Senior digital search manager
Rachelle loves working in the exciting and fast-moving sector of digital marketing and proves you don't need a marketing degree to get in
How did you get into digital marketing?
During university, I started a fashion blog which turned into a real passion for digital publishing, social media and the power of online communities. I ended up doing some freelance copywriting and brand campaign consultancy, which really got me into the world of digital.
After graduation I applied for a range of entry level marketing and digital roles and on the basis of my freelance experience got my first graduate job as a digital media executive for a Scottish spa company. This really helped to progress my knowledge and business confidence quickly.
I moved from that job to my current company, DigitasLBi, starting as a junior digital account manager and have since been promoted twice.
Start your own blog and install analytics and webmaster tools to get some hands on experience
Do you need a marketing degree?
I'm a sociology graduate, so I'd say no. Many people in the industry have business and marketing-related degrees and this was often the preferred discipline in job advertisements.
However, I always applied for these jobs anyway and promoted my experience and transferable skills, rather than my degree subject. I think it's important to show you've got key transferable skills in analysis, communication and strategic thinking.
What are your main work activities?
I'm mainly office based and typically work 9am to 5.30pm, though this can be longer when there are important projects going on or tight deadlines to meet. I spend a lot of time answering emails from both clients and internal colleagues who need my input. These can range from a client asking for advice, to an account director asking for a report.
As well as communications, I'm responsible for client deliverables. These are things that are required to bring together a digital strategy and they may involve me analysing a website's content, pulling together performance reports, planning content with creative teams or advising on the digital aspects of a client's offline marketing plans.
I spend a lot of time in meetings or on conference calls and I travel once a month to visit clients and present updates, results and future plans.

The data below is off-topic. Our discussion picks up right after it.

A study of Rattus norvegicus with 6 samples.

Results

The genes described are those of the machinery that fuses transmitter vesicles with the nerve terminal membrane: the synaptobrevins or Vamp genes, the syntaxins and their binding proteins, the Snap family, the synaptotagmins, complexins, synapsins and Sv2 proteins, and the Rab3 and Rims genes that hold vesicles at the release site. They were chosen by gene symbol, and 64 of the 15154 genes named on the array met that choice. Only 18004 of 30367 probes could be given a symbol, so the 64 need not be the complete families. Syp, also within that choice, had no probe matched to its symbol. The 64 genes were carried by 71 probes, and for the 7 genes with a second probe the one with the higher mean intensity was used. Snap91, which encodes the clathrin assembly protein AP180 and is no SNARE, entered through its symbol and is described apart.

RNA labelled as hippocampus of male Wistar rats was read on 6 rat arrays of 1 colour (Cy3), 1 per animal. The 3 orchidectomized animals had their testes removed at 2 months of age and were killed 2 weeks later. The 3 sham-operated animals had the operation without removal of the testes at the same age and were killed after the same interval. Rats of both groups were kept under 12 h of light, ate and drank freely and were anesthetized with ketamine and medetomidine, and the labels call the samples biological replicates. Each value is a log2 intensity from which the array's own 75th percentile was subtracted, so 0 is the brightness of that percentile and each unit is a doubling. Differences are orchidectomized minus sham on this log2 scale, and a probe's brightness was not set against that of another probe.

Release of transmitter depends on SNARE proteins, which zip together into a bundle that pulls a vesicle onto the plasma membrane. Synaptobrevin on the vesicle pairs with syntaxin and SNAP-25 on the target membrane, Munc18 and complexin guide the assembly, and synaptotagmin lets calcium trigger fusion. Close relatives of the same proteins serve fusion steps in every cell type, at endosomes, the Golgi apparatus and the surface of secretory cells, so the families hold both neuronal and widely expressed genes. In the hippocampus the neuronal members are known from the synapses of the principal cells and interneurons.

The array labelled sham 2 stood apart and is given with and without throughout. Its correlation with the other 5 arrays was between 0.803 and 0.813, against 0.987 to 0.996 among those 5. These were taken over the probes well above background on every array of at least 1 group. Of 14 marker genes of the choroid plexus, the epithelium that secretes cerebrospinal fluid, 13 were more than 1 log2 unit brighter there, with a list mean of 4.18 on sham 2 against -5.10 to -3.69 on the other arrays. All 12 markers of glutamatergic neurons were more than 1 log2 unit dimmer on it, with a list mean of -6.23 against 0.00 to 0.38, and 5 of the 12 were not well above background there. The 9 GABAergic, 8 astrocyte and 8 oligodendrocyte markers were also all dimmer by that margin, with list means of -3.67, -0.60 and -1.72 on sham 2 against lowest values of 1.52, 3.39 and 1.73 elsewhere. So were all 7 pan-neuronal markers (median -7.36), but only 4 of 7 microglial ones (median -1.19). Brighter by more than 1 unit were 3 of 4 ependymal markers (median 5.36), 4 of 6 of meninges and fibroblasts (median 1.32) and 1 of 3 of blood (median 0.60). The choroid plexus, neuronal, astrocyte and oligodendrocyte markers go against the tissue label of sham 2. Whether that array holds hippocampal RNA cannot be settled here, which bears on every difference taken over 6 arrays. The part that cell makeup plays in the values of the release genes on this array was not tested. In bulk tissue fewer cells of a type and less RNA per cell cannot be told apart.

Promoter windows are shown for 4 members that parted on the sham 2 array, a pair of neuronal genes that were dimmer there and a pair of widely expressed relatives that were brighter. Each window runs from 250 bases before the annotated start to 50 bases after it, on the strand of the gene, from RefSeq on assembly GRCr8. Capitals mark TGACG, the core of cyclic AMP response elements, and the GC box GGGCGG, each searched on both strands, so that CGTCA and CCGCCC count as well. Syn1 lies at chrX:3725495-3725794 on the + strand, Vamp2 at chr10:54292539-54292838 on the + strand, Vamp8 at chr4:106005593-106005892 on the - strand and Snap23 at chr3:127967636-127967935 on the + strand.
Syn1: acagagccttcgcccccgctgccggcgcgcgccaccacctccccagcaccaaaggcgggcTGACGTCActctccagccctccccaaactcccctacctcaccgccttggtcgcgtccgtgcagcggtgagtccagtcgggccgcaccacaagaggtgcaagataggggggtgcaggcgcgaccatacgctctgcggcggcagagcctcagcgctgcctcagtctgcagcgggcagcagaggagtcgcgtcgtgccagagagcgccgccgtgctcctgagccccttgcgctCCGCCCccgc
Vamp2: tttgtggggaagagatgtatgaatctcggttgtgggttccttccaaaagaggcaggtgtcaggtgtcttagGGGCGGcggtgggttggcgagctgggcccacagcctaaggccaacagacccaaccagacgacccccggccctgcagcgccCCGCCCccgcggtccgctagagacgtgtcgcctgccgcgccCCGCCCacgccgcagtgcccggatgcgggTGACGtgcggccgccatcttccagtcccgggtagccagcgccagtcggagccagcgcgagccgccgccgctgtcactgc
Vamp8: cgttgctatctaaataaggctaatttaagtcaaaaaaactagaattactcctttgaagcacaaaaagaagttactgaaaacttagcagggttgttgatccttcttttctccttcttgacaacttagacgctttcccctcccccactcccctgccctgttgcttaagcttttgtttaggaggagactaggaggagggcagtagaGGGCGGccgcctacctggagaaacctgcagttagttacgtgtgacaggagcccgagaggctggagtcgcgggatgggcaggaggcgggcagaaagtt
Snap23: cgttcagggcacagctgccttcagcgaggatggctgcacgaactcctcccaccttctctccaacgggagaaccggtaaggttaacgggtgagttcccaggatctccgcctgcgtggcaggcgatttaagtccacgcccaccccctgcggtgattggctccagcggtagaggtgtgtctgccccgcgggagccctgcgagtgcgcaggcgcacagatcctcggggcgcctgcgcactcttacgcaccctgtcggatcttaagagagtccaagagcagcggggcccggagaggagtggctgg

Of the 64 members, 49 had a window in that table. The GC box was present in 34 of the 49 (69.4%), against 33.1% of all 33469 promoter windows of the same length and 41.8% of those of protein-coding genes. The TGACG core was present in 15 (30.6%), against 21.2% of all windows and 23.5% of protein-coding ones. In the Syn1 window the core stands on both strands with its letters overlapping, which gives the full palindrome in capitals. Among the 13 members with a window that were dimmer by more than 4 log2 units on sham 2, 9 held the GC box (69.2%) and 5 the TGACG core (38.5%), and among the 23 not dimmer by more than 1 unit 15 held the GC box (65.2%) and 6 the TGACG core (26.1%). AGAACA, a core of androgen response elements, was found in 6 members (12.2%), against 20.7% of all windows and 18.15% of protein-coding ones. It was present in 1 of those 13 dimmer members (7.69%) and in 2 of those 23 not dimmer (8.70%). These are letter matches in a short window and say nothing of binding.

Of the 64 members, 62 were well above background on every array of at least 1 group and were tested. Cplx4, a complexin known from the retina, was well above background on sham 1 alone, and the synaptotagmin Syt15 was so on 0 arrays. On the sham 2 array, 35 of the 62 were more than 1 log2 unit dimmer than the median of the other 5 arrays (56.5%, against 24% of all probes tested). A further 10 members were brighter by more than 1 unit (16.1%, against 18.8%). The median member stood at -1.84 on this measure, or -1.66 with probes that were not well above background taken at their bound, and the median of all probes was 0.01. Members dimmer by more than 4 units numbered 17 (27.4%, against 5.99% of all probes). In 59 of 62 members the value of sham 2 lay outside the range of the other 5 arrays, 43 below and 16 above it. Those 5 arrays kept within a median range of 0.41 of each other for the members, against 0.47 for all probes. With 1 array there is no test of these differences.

How has your role developed and what are your career ambitions?
Since I started in my current company, I've been promoted twice into more senior levels. I'm now responsible for larger scale clients and am expected to have the confidence and experience to tackle this effectively.
I'm also responsible for supporting more junior team members; offering direction and advice.
I'd like to progress into a team leadership role, taking responsibility for a small team and overseeing accounts. I'd like to experience the different challenges of working on the client side.
What do you enjoy about digital marketing?
The work is always varied and I'm largely responsible for planning my own time and work, which means I never get bored. It's very satisfying being able to plan and execute a digital strategy and see the results come through.
Digital is very new, exciting and ever changing and because you can learn so much through hard work and determination, progression is very much in your own hands.
What are the most challenging parts?
Because digital is so new to many traditional marketers, there's often a bit of a battle to bring clients up-to-date and convince them to try something new.
Any advice for someone wanting to get into digital marketing?
Start learning and experimenting with digital now - read blogs, take notice of industry updates and start your own Wordpress blog. Install analytics and webmaster tools to get some hands on experience.
Attend digital industry networking events - many of them are free and there are lots available.
Don't just apply for advertised jobs - make speculative applications to companies you're interested in and follow them on Twitter and LinkedIn.
Find out more
See what jobs are available at DigitasLBi.